Atmos. Meas. Tech., 3, 1143–1153, 2010
https://doi.org/10.5194/amt-3-1143-2010
© Author(s) 2010. This work is distributed under
the Creative Commons Attribution 3.0 License.
Atmos. Meas. Tech., 3, 1143–1153, 2010
https://doi.org/10.5194/amt-3-1143-2010
© Author(s) 2010. This work is distributed under
the Creative Commons Attribution 3.0 License.

  27 Aug 2010

27 Aug 2010

A performance assessment of the World Wide Lightning Location Network (WWLLN) via comparison with the Canadian Lightning Detection Network (CLDN)

D. Abreu1, D. Chandan1, R. H. Holzworth2, and K. Strong1 D. Abreu et al.
  • 1Department of Physics, University of Toronto, Ontario, Canada
  • 2Departments of Earth and Space Sciences, and Physics, University of Washington, Washington, USA

Abstract. The World Wide Lightning Location Network (WWLLN) uses globally-distributed Very Low Frequency (VLF) receivers in order to observe lightning around the globe. Its objective is to locate as many global lightning strokes as possible, with high temporal and spatial (< 10 km) accuracy. Since detection is done in the VLF range, signals from high peak current lightning strokes are able to propagate up to ~104 km before being detected by the WWLLN sensors, allowing for receiving stations to be sparsely spaced.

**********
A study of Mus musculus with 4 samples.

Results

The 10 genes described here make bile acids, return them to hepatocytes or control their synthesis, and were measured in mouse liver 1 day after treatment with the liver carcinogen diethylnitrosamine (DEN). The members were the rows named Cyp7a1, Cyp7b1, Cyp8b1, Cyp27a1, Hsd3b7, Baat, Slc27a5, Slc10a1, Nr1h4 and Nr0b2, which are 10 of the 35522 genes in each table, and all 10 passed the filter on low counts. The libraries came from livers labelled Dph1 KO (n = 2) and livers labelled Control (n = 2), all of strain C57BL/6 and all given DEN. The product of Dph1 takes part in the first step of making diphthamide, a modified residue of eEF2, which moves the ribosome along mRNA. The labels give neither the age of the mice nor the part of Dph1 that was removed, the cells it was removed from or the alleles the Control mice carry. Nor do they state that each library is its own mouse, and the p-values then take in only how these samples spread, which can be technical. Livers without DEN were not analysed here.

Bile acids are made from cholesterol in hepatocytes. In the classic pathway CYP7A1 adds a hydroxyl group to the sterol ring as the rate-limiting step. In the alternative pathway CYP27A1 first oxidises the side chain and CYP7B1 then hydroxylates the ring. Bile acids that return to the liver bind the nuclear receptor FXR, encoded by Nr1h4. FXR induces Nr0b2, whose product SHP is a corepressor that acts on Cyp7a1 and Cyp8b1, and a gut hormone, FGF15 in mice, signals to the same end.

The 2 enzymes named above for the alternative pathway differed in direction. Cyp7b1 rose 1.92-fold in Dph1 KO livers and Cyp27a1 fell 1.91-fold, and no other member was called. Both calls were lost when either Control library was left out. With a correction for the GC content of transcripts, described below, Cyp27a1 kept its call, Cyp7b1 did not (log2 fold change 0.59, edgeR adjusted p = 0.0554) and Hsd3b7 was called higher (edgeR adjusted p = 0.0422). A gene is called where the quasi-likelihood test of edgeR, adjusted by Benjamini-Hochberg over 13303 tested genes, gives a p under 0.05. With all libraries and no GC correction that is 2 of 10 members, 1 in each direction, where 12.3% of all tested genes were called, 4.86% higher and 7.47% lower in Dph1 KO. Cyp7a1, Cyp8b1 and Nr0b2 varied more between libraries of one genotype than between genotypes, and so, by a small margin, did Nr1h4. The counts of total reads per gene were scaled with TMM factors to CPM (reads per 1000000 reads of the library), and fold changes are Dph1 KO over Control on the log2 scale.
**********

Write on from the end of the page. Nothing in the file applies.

Through a comparison with measurements made by the Canadian Lightning Detection Network (CLDN) between May and August 2008 over a 4° latitude by 4° longitude region centered on Toronto, Canada, this study found that WWLLN detection was most sensitive to high peak current lightning strokes. Events were considered shared between the two networks if they fell within 0.5 ms of each other. Using this criterion, 19 128 WWLLN strokes (analyzed using the Stroke_B algorithm) were shared with CLDN lightning strokes, producing a detection efficiency of 2.8%. The peak current threshold for WWLLN detection is found to be ~20 kA, with its detection efficiency increasing from 11.3% for peak currents greater than 20 kA to 75.8% for peak currents greater than 120 kA. The detection efficiency is seen to have a clear diurnal dependence, with a higher detection efficiency at local midnight than at local noon; this is attributed to the difference in the thickness of the ionospheric D-region between night and day. The mean time difference (WWLLN − CLDN) between shared events was −6.44 μs with a standard deviation of 35 μs, and the mean absolute location accuracy was 7.24 km with a standard deviation of 6.34 km. These results are generally consistent with previous comparison studies of the WWLLN with other regional networks around the world. Additional receiver stations are continuously being added to the network, acting to improve this detection efficiency.